Sandinistas Say 400 Rebels Abandoning Fight
Oct. 04, 1987
MANAGUA, Nicaragua (AP) _ Interior Minister Tomas Borge said Saturday 400 rebels agreed to abandon their fight against the Sandinista government and ''joined the path to peace,'' the government's radio reported.
Borge said the 400-man, fully armed unit was commanded by a guerrilla chief named Uriel Vanegas but did not identify it further, the Voice of Nicaragua radio reported.
He made the announcement in the northeastern Atlantic coast town of Puerto Cabezas, a center of Indian resistance to the leftist Sandinista government.
Sandinista military sources told The Associated Press the unit consisted mostly of Indian resistance fighters who allied themselves two years ago with the Nicaraguan Democratic Force or FDN, the main, U.S.-backed Contra rebel army. It was not clear if the unit was still part of the Contras.
A long-time Indian resistance leader, Steadman Fagoth, confirmed the report in an interview in Honduras and said the Indians ''had committed themselves along with the Sandinistas to achieving peace in Nicaragua.''
Fagoth, during a brief stop in Tegucigalpa on his way to Miami, said Indian leaders ''are going to talk with the Sandinistas starting now. ... They don't want the war any more.''
Also Saturday, a government official said Contra rebels used explosives and M-79 rockets to topple a microwave repeating station in northern Nicaragua, interrupting telephone service in scattered parts of Managua, Panama, Central America and Mexico.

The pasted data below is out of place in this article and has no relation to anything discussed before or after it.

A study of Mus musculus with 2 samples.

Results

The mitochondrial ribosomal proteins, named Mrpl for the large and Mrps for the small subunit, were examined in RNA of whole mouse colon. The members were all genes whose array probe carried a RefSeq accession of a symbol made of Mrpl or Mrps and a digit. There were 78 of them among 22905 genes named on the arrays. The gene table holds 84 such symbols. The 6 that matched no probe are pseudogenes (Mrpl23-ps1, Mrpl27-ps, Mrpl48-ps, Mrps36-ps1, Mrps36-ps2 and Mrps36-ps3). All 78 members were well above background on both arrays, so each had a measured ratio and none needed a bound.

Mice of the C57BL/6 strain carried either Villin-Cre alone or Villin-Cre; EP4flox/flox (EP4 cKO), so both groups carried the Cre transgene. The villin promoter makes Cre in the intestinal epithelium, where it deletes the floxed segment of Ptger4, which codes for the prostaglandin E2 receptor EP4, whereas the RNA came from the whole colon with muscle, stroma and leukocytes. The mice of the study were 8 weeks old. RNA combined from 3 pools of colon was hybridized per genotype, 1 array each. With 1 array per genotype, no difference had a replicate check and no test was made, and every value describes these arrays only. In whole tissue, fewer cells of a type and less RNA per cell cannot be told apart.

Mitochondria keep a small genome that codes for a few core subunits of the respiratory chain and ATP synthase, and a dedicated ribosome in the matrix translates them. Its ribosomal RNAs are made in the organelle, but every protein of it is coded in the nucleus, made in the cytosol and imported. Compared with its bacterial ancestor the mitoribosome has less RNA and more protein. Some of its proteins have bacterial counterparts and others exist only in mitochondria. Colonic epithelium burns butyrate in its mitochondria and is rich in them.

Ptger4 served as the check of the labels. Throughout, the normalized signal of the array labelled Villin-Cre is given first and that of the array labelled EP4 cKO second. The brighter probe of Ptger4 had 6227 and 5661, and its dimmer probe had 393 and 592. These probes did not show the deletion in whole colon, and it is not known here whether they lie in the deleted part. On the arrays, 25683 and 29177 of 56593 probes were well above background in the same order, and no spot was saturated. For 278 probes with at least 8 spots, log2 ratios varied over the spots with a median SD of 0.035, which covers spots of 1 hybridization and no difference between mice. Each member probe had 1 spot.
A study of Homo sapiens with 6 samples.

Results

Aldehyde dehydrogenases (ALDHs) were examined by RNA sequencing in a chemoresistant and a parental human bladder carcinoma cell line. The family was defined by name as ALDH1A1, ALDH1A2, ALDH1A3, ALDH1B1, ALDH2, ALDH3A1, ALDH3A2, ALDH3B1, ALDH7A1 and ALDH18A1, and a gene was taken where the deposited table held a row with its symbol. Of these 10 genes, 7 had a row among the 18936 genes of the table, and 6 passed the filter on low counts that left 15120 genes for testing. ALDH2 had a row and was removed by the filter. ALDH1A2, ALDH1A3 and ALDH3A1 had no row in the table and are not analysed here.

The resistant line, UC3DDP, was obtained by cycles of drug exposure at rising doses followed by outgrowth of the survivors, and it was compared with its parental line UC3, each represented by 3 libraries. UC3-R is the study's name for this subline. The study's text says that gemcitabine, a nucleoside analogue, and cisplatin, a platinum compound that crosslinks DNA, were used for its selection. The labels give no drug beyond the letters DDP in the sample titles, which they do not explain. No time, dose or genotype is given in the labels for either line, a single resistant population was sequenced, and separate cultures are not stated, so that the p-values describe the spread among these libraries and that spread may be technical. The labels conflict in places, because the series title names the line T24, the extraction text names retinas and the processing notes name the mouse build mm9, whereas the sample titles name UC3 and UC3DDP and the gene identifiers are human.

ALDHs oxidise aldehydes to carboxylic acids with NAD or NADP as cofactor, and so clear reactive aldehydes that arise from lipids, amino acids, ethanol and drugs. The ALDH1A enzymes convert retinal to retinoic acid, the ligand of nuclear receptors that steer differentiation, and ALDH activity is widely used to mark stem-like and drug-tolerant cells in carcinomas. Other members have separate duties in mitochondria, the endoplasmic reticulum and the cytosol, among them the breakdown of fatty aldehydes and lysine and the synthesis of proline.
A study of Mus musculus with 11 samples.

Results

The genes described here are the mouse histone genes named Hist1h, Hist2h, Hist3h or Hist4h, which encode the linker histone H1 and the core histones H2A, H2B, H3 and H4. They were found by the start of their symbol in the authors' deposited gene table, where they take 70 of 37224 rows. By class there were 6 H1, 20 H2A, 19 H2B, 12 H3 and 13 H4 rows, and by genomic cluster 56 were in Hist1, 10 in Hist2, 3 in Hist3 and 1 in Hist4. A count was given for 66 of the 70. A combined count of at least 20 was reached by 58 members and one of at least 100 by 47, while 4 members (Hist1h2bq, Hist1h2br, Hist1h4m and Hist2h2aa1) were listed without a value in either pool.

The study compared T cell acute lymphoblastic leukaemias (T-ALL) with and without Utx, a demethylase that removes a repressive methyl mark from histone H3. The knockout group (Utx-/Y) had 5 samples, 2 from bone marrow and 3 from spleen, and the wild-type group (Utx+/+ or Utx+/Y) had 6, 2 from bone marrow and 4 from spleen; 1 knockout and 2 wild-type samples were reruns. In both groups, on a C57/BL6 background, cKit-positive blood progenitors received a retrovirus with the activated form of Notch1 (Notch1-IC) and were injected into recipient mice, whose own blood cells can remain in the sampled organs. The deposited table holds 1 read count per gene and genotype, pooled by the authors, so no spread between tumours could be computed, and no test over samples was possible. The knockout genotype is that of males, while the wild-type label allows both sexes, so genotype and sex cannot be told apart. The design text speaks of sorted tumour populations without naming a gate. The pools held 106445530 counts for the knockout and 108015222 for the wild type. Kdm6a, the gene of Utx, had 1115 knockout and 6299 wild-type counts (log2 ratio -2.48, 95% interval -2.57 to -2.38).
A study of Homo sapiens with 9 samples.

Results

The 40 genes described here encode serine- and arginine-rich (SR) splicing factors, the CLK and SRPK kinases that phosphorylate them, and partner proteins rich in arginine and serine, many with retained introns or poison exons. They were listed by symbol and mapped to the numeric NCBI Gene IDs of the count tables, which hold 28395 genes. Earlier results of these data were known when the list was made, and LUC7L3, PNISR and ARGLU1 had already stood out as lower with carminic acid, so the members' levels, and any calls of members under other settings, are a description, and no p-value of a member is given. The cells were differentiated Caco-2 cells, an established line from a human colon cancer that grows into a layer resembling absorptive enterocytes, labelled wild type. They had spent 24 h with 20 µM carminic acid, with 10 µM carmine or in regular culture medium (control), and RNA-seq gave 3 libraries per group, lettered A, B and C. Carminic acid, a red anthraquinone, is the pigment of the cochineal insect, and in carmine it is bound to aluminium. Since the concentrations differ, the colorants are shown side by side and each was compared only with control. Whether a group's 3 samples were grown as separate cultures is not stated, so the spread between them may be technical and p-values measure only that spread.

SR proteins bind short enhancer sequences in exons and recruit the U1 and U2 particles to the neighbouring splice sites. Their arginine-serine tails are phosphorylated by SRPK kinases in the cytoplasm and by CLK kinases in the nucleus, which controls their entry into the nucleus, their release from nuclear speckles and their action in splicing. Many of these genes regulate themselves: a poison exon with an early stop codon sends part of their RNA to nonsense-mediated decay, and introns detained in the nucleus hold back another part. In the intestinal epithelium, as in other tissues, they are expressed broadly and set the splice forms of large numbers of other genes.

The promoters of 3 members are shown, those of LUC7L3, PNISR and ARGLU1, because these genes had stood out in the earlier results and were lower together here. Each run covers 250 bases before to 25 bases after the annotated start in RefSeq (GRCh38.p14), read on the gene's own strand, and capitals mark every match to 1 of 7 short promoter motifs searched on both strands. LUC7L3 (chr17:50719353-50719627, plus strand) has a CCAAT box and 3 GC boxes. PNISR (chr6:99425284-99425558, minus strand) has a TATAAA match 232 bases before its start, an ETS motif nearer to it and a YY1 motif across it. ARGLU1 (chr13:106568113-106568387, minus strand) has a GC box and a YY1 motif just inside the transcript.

Lt. Col. Leopoldo Rivas Alfar, minister of telecommunications and postal service, said two government soldiers were killed in the attack late Friday.
Service was restored by Saturday morning via an international satellite system but the discovery of grenades in the wreckage was slowing down repairs to the tower, he said.
Borge said it was the first rebel group to decide as a unit to observe the peace process contained in a regional peace plan signed Aug. 7 by the five Central American presidents, according to a report from the official New Nicaragua news agency read over Voice of Nicaragua.
The peace plan in part calls for amnesty for insurgents who agree to end their battles. Last week the Interior Ministry said 335 rebels, most from the central part of Nicaragua, had asked for amnesty.
''We want to announce to the Nicaraguan people and to the world that a complete regional command of 400 men in arms has joined the path to peace and they are ready to fight in defense of the fatherland,'' Borge said.
The New Nicaragua agency identified the unit as the Bruno Gabriel Peralta Operational Command. It said the unit last week received the most recent air- drop of arms and supplies made to rebels fighting inside Nicaragua.
The northeastern Nueva Guinea region is one of three areas in northern Nicaragua where the Sandinistas plan to begin a one-month, unilateral cease- fire Tuesday.
President Daniel Ortega said Wednesday that Sandinista troops would withdraw the areas, which also include parts of Nueva Segovia and Jinotega provinces, because it was in the government's ''interest to prevent further bloodshed.''
The often fragmented Indian resistance is drawn chiefly from the Miskito, Sumo and Rama tribes of the Atlantic coast region, where they traditionally have governed themselves. In the early 1980s the Sandinistas tried to move many of the Indians from their homelands and, the Indians said, impose unacceptable central government.